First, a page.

The first thought that usually comes to developers who need to receive email into their application is to create an SMTP server. Stop! Think back to one of our programmer's virtues:

Laziness, impatience, and hubris.
                                      --Larry Wall

Laziness tells us not to reinvent the wheel every time we come to a new problem. In fact, when we look carefully, we very rarely have new problems, but rather endless rehashes of the same old issues. Email, as it happens, is a long-solved problem. There are already a whole bunch of SMTP servers out there; otherwise, email wouldn't be nearly as successful as it is. If only we could leverage the code that's already been written.

Of course, leveraging this code is actually trivial. Your servers probably already have an MTA installedif you're on Linux, likely one of Sendmail, Qmail, Postfix, or Exim. We can plug in to these existing technologies to feed mail into our applications, bypassing all the mucking about with sockets and relaying and so on.

All of the MTAs mentioned above have a configuration file called /etc/aliases, which contains a table of rulesincoming addresses and where to route them to. The file may reside in a different place, depending on your configuration, but takes the same format regardless. By modifying this file (and then rehashing it) you can easily change the local mail delivery rules.

A typical /etc/aliases file looks like this:

bin:   root
root:  cal
cron:  /var/log/cron

The first two lines contain local rules. When a message comes in for the user named on the left, it should be delivered to the user named on the right. If a mail is sent to root@hostname, then it will be forwarded to cal@hostname instead. The second two lines contain remote rules. When a message comes in for the user named on the left, it should be delivered to the remote address named on the right. If a mail is sent to cal@hostname, then it will be forwarded to The final line tells the MTA to take any mail sent to the name on the left and append it to the file on the right. If a message comes in for cron@hostname, it will be appended to the file /var/log/cron.

This is all very well, but it doesn't really help us much. We could append mail to a file and then have a cronjob check the file, but that's a very roundabout way of doing it. Luckily, /etc/aliases files also support the Unix piping syntax:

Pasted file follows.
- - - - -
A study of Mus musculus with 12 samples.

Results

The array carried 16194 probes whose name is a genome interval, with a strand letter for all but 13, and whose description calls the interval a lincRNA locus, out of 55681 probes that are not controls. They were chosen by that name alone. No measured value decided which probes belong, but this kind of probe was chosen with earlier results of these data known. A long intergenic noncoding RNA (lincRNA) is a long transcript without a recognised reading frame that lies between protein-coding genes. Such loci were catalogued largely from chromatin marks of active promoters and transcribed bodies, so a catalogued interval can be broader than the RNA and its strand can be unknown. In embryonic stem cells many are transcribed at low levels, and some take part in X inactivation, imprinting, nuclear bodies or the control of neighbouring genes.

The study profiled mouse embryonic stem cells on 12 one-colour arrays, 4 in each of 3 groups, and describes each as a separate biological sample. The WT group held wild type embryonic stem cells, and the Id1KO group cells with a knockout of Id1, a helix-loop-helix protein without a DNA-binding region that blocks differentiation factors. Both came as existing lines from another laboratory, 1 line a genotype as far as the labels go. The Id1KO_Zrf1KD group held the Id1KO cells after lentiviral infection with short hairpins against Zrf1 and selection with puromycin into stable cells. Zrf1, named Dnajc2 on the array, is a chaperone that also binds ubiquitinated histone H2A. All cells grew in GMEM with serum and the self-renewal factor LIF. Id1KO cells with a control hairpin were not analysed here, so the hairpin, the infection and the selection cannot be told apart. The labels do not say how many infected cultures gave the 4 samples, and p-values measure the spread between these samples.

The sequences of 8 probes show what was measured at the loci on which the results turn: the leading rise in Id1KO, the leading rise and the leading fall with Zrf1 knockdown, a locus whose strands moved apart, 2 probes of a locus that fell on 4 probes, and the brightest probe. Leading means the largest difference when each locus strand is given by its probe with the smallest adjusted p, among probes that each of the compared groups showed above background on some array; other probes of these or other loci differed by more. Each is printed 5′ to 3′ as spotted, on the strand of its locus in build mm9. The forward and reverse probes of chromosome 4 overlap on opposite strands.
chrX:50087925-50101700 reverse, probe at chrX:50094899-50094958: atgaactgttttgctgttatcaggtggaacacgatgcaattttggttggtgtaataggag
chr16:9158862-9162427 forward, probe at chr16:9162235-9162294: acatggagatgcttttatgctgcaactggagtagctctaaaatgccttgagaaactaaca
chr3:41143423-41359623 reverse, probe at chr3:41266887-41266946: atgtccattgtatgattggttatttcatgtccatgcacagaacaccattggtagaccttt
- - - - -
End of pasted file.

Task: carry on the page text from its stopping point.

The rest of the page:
uploads: "|/usr/bin/php -q /var/flickr/uploads.php"

When mail comes in for the user on the left side, the mail is piped to the command on the right side. If mail is sent to uploads@hostname, it will get piped into the named PHP script; all the script has to do to read it is to read the input from STDIN:

$buffer = '';
while (!feof(STDIN)) {
        $buffer .= fgets(STDIN, 4096);

Once we've received an email, we can then use the same processing logic that we would have if a user had uploaded a file via a web form. This allows us to create one set of core business logic (recall the layers from Chapter 2) that is called by both the vanilla web interface and additional interfaces such as email.

If it all sounds too easy, that's because there's a catch. Our application will receive the email in a raw unparsed format. Before we can actually do anything with it, we'll need to parse the contents, identifying the subject, bodies, and any attachments. This is not a trivial task, so we'll look into it in a little detail.

6.2.1. An Alternative Approach

Rather than feeding delivered mail straight into your application, you can use another common component of email infrastructure, letting incoming messages be delivered into a local POP or IMAP box. Your application can then periodically read the mail stored in the box and process it.

While this doesn't avoid the issue of parsing the email that we're about to get into, it does allow you to get up and running fast. Without making any mail server changes, we can simply point our client code at an existing mailbox (assuming we have the mail client code available) and start reading mail. Since the reading process can be performed manually by running the client script from the command line, this also tends to be easier to debug than the mail server scenario.